This is a really common scamming method that affects a lot of people.
Phishing sites pretend to be other websites to trick you.
Sometimes the fake websites are legitimate looking, but they don't do anything else than to steal your Steam account login when you type it in.
Therefore, scammers do all that's in their power to get you to visit the fake website and login to it.
The most common methods are:
Someone added you on Steam and promised you free items or told you you won a giveaway
You followed a link someone posted on a Steam profile on a website that was supposed to be offering competitive CSGO matches/cups/tournaments
You logged in to some legitimate looking website that promised to analyze your inventory or to give you huge bonuses on case openings
A website "admin" added you on Steam to give you free skins or free coins to his website
You searched for a website you know on Google and blindly clicked the first option. Sometimes, scammers pay for Google ads for their fake website, and they show up ahead of the real website
... and many other ways. Keep in mind that scammers are inventive and they'll do anything to get access to your account.
How does it work?
When you logged in, they automatically created an API Key for your account, which gives them future access to monitor the trades you make. They also have control over your account, as you gave them your username and password.
When you try to trade with a friend, or deposit an item on a website, they can see that and they'll try to trick you into taking your items.
They will cancel the original offer you sent, with the help of the API Key they created
They create an identical looking Steam account (name and avatar), that impersonates your friend, the website's bots or your trading partner
Because they are logged in as you, they will send a new offer with your items to the scam account, tricking you into believing it's the real account
When you confirm the offer with your Steam Authenticator, you are actually confirming the scam offer instead of the original one, and you lose your items.
This is why the Steam Authenticator alone doesn't protect you from this type of scam.
How to check if your Steam account is compromised
You can check if your account has an API Key active. If you don't remember creating it, you should remove it and secure your Steam account
When you confirm your trades from the Mobile app, you should compare the joining date and Steam Level of the two profiles. If it's not the same, you should decline the trade immediately and secure your Steam account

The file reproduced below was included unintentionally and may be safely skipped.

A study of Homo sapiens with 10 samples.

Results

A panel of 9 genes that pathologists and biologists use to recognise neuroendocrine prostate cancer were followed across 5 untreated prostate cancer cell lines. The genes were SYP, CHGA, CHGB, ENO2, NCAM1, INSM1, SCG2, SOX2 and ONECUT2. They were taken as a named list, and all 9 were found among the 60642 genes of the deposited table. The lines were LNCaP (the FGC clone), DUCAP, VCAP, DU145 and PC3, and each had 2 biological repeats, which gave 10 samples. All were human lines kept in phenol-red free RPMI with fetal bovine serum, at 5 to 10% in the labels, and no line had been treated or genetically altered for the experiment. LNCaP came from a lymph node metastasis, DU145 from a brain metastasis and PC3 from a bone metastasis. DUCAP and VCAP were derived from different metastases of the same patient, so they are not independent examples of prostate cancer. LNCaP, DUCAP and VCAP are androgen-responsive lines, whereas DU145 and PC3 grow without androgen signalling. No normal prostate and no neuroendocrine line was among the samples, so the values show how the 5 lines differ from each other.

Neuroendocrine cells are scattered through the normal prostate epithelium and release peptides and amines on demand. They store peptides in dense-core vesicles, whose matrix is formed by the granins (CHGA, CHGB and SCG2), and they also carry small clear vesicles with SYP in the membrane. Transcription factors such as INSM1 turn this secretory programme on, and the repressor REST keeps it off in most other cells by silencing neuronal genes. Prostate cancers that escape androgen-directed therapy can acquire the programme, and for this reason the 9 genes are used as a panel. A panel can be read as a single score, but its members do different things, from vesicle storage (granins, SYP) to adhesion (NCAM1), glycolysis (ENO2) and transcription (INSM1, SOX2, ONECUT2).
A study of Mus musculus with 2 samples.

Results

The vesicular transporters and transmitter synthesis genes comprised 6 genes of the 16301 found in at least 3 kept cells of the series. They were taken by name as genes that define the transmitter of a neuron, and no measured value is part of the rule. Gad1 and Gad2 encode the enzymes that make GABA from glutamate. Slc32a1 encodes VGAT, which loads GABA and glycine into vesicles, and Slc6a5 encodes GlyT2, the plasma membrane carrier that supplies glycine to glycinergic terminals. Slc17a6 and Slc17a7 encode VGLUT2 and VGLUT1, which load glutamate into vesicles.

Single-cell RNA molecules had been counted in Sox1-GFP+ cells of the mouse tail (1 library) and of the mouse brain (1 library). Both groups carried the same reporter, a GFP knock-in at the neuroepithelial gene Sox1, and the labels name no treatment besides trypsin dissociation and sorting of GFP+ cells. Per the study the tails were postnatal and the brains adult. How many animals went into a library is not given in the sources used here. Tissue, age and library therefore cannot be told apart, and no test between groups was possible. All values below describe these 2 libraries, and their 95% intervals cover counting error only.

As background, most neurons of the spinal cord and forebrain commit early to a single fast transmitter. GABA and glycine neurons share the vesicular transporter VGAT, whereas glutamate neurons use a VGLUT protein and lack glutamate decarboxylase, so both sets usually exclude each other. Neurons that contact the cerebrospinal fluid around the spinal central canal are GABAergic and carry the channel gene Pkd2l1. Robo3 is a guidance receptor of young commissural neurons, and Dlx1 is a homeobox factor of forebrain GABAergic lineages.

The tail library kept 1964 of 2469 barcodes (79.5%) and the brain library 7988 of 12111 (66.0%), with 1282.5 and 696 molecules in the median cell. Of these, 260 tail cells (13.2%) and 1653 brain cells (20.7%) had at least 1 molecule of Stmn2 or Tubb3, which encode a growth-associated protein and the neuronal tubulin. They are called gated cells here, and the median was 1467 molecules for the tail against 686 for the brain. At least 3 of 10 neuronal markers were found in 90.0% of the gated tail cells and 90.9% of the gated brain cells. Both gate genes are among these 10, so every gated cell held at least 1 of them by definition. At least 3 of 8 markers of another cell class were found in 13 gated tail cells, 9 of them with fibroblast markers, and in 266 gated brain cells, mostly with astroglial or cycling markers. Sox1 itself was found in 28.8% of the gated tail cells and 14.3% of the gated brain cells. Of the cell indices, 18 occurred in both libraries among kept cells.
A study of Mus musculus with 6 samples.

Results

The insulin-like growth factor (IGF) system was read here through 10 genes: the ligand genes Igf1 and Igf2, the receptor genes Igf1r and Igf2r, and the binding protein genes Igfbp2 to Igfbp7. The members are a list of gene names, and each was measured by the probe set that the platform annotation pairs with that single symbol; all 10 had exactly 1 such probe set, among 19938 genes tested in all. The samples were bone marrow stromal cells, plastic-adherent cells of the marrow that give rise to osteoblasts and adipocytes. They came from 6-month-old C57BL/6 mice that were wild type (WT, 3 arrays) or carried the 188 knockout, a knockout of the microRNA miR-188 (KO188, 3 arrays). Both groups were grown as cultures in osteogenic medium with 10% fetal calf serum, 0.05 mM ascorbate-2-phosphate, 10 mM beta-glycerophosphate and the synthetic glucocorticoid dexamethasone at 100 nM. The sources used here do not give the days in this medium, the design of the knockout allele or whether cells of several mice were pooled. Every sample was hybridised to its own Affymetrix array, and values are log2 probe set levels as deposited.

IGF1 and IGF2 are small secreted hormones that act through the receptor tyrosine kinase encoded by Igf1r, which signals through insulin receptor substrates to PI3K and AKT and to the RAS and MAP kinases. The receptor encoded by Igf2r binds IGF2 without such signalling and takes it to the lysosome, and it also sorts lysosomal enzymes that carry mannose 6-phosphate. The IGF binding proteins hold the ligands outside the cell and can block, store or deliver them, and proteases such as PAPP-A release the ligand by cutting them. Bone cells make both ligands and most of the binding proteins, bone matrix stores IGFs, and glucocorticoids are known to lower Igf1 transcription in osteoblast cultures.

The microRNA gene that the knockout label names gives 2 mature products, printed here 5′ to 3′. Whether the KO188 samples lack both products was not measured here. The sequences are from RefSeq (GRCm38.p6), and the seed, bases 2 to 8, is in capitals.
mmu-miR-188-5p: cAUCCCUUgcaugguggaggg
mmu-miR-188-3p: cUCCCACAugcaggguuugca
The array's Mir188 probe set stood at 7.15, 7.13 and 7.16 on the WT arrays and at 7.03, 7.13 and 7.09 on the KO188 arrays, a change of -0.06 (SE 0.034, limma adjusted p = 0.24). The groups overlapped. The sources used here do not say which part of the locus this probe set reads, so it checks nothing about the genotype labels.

Keep in mind that having an API Key active isn't a 100% indicator that your account is compromised. Some marketplace websites or gambling websites rely on API keys in order to track your item sells and deposits.
Sharing your API Key is safe, just make sure you never share it with other users and only input it yourself when legitimate websites ask you for it.
With just the API Key, websites only have access to monitor and decline your your trades. The API Key alone is not enough for anyone to take control over your account.
How to secure your Steam account if you have been compromised
There are three easy steps you need to take in order to make sure your account is safe. Do NOT make any trades from your account unless you have completed these steps.
Change your Steam Account Password
Remove the existing API Key from your account
Deauthorize all other devices from using your Steam Account
Optional: Enable 2Factor Authentication on your 500 Casino account to prevent scammers from logging in as you on 500 Casino, even though they have control of your Steam account.
Optional: If you don't have 2FA already, deauthorize all other devices from 500 Casino as well by clicking on the Logout button.
How to stay safe in the future
The first step to protecting yourself better in the future is to acknowledge what happened and try to understand how you got tricked. Everyone makes mistakes, but it's important to learn from them and never fall victim to scammers again.
Start by identifying the way your account got compromised. Check your Steam Login History here and compare the timestamp to your browser's history.
Remember that this scam starts by you logging into a fake website.
Always stay logged in on Steamcommunity.com
If you're logged in on Steamcommunity and a website asks you for your Steam login credentials, it's a phishing website and you should avoid it.